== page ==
Can’t We All Get Along?
Fr. Ross Kimball
At Home, As the Church
Being away on vacation has its attractions, but returning home holds—for me at least—a deeper kind of refreshing.
During vacation, I’ve been making my way through a splendid book by Martin Thornton called, English Spirituality: An Outline of Ascetically Theology According to the English Pastoral Tradition. It’s a lumbering title for a helpful and “homely” description of a way—a tradition—of being Christian. English Spirituality (expressed in a variety of ways of being Anglican) has at its core, pursuit of life in Christ as “the art of living as fully, creatively, and indeed as joyfully, as mankind is capable” (p. 25). It’s attuned to the “homely” character of life in Christ.
“Homely” needs a bit of explanation.
In the 14th century English tradition where that term comes into focus, “homely” means: “habitual, and therefore constant, calm, and, . . . stable. … Christian joy is truly expressed, not primarily in ecstasy but in tranquillitas, in domestic harmony, in sure hope and devotion.”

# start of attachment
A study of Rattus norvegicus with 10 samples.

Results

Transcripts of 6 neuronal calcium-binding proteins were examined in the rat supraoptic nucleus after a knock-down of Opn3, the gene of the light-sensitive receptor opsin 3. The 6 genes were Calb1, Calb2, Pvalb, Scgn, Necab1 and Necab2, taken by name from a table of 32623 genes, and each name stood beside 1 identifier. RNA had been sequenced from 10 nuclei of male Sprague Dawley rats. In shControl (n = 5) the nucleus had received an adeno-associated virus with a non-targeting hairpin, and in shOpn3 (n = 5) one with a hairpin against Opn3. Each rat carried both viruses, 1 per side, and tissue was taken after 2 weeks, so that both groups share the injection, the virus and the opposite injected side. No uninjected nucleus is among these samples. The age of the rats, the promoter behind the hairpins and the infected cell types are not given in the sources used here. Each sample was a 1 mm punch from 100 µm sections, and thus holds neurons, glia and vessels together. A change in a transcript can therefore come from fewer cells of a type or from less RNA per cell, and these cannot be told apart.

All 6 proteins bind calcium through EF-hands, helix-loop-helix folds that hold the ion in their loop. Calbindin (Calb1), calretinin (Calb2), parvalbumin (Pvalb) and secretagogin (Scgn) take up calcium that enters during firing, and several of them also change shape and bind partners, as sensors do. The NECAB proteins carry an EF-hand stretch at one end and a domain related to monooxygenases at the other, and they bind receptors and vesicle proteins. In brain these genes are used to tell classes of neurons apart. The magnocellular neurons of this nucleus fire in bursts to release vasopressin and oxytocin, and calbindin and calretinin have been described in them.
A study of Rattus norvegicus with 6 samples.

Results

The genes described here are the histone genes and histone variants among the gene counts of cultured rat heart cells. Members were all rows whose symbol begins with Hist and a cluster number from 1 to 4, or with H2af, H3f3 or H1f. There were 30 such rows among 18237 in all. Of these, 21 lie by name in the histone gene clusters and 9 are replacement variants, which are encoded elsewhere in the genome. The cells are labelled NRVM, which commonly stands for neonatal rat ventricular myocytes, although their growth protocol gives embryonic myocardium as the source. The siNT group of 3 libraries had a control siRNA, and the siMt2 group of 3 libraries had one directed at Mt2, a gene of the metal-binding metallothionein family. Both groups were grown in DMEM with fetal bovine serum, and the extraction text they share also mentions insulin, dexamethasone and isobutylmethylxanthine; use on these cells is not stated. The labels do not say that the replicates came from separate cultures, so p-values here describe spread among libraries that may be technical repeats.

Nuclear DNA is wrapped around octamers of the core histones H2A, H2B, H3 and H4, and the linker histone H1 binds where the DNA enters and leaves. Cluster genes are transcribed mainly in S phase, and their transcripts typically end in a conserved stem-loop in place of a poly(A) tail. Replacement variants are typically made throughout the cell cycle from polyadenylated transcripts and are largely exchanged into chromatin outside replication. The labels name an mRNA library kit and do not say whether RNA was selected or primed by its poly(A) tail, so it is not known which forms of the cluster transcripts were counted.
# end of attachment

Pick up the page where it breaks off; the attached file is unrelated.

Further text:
It’s day-to-day home-goodness, not exceptional vacation excitement.
“Homeliness” means that the reality and truths of the faith “are to be taken seriously as the constant background of Christian life. It underlies the fact that Christian living and Christian prayer are concerned not so much with the fulfillment of aims as the the expression of what Christ has achieved in us” (p. 215).
This means that, both for individual and communal life in the Church, Christian duties “are not the dictates of a tyrant but the joyous customs of a privileged family: all [are] ‘homely’” patterns for flourishing in Christ (p. 184). “The Church is ‘our Father’s house’ where we should be ‘at home’, implying the comfortable stability of sons and daughters rather than the fleeting visits of guests” (p. 184).
In other words, the most satisfying Christian life involves dwelling in the hospitality and “homeliness” of God’s Family. “The Church is what we are, the parish church is where we belong” (p. 184).
I trust that even when you’re away on vacation, you’ll remain at Home, as the Church, in regular prayers and fellowship with God.